The Roaring 20’s

Two types of music dominated the stages throughout the 1920’s up until the 1940’s, jazz music and Broadway musicals. One of the reasons for Broadway’s success in the 1920’s was the success of 18 delegates of the ASCAP that lobbied for stricter copyright laws. Musical theatre was at its peak at the time when more than 50 shows were being produced annually.

The Roaring Twenties brought about a generation of musicians that would strive and entertain the public for the next two decades. The sales for African American records went significantly up and prominent artists like Duke Ellington and Louis Armstrong emerged, among others. New York, Chicago and New Orleans became the headquarters for the jazz music of the time.

Although the 1930’s Great Depression was a hard time for jazz musicians, it was in this period were Swing emerged. This new sound developed in popular Harlem clubs in New York. More than 50 million swing records were sold during this decade. This genre of music began to be heard by white Americans and allowed these to get closer to jazz music as well, in an age when segregation between whites and blacks was a big deal.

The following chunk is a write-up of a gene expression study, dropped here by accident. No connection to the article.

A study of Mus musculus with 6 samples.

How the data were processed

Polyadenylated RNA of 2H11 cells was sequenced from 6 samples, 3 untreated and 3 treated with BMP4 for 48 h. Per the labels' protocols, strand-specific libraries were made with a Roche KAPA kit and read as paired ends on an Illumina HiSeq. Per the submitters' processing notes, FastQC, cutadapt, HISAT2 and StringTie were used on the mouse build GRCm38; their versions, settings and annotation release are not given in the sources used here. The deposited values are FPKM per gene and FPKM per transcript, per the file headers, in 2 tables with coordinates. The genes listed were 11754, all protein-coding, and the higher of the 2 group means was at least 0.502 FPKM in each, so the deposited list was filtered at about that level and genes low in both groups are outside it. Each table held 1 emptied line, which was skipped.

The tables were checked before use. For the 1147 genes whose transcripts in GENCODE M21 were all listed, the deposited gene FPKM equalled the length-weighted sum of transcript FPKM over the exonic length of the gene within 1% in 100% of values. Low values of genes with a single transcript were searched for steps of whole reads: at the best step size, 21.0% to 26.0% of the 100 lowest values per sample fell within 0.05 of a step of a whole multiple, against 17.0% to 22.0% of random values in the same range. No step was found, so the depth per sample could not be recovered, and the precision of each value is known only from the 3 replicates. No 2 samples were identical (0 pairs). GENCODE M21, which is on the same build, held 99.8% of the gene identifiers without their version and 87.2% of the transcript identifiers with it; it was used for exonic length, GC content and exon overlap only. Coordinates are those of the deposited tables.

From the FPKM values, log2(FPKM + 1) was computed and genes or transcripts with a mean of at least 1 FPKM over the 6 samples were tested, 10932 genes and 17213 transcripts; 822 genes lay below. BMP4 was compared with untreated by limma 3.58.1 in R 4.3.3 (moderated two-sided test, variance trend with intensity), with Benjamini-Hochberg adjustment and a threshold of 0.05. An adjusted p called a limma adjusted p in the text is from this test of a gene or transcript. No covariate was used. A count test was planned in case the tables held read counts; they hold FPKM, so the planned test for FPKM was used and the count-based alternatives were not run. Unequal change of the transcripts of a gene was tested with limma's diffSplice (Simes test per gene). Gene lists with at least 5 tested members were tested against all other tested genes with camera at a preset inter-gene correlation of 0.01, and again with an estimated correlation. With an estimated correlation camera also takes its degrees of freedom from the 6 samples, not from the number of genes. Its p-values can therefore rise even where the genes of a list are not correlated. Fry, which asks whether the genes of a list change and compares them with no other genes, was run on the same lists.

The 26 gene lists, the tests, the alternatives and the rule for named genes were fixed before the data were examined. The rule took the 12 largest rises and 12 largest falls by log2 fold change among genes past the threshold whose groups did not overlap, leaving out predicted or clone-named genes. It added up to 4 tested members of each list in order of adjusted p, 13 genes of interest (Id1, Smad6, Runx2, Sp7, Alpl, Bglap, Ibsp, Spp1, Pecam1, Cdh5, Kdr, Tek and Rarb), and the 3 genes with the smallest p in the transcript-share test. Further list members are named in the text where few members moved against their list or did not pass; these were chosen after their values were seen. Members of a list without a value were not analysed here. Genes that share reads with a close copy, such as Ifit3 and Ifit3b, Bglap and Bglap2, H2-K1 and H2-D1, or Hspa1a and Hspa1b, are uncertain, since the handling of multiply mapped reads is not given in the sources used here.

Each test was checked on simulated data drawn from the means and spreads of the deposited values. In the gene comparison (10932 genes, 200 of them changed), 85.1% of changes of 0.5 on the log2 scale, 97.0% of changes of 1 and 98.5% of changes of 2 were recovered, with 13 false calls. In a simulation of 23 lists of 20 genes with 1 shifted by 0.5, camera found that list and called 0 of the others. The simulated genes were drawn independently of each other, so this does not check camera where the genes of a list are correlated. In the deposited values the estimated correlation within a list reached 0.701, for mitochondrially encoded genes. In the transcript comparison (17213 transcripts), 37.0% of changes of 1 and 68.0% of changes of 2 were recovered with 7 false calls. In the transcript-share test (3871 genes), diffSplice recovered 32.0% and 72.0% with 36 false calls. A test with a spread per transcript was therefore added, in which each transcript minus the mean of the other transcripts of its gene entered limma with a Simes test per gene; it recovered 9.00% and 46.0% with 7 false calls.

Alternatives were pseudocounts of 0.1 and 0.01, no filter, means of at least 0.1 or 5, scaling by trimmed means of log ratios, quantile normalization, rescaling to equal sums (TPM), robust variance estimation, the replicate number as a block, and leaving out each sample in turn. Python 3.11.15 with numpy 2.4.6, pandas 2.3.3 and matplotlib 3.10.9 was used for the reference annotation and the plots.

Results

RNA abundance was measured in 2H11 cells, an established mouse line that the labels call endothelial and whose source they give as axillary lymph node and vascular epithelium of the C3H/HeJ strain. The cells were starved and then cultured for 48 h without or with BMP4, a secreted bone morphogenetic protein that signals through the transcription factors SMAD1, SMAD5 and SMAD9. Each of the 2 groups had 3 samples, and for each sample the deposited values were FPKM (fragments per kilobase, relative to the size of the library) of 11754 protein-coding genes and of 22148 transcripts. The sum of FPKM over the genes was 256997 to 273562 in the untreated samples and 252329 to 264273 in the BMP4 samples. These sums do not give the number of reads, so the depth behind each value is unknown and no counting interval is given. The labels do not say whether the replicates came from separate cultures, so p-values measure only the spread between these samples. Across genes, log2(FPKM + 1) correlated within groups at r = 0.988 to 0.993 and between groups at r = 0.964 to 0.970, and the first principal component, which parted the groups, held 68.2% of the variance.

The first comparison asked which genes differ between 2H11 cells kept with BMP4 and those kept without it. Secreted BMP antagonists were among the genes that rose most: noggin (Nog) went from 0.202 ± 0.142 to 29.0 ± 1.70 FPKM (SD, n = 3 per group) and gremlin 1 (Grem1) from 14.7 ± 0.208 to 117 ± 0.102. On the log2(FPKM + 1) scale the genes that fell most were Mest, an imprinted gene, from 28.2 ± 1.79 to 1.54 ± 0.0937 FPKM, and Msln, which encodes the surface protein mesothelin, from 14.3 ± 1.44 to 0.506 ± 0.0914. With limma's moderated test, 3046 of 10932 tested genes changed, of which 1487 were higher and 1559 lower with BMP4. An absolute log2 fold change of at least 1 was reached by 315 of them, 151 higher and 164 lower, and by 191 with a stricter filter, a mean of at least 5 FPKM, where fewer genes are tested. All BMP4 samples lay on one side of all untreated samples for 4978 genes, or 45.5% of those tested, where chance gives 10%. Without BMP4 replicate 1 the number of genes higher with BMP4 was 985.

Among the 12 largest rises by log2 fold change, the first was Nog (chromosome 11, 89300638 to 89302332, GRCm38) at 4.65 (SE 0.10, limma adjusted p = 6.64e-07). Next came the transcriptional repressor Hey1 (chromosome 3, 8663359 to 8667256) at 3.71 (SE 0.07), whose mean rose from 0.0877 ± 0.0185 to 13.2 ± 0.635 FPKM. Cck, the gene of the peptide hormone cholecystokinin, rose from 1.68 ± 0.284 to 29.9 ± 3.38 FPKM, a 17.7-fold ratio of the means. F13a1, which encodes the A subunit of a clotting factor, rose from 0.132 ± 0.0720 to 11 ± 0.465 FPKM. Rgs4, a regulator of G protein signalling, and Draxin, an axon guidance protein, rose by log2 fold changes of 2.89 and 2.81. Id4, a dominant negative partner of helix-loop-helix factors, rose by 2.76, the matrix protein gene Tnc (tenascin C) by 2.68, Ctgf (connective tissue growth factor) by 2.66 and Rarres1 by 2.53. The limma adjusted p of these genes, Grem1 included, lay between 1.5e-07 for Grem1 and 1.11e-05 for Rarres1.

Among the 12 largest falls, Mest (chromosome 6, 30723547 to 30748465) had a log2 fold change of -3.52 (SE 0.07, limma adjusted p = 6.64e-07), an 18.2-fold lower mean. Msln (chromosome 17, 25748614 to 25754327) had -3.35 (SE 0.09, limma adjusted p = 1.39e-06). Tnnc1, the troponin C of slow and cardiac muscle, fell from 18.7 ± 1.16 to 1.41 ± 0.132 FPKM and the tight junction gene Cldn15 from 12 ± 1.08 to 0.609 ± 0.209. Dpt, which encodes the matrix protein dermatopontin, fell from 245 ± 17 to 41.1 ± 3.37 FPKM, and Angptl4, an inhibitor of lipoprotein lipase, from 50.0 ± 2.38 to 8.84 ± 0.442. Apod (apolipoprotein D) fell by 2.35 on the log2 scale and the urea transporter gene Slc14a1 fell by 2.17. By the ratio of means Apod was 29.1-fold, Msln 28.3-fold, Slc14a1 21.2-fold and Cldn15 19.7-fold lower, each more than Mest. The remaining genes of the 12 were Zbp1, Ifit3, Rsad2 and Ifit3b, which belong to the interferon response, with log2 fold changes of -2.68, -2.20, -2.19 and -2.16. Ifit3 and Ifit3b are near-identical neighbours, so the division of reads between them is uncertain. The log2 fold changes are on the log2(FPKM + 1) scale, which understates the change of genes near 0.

Another genre born from jazz music was big band, the main difference between the latter was the number of artists in an ensemble. The name of the band was usually the same as its leader who usually composed the lyrics as well. Fletcher Henderson can be attributed to whom started big band in the 1920’s. Duke Ellington, Benny Goodman, and Glenn Miller were among the most prominent big band artists.

Jazz in the 1920’s was a musical force that brought together many talents no matter the race. Even though Jim Crow laws were in place at the time, the music brought together artists that saw no boundaries in doing what they loved. Music sees no color or race no matter what the decade is. It is a form of expression and it should be embraced.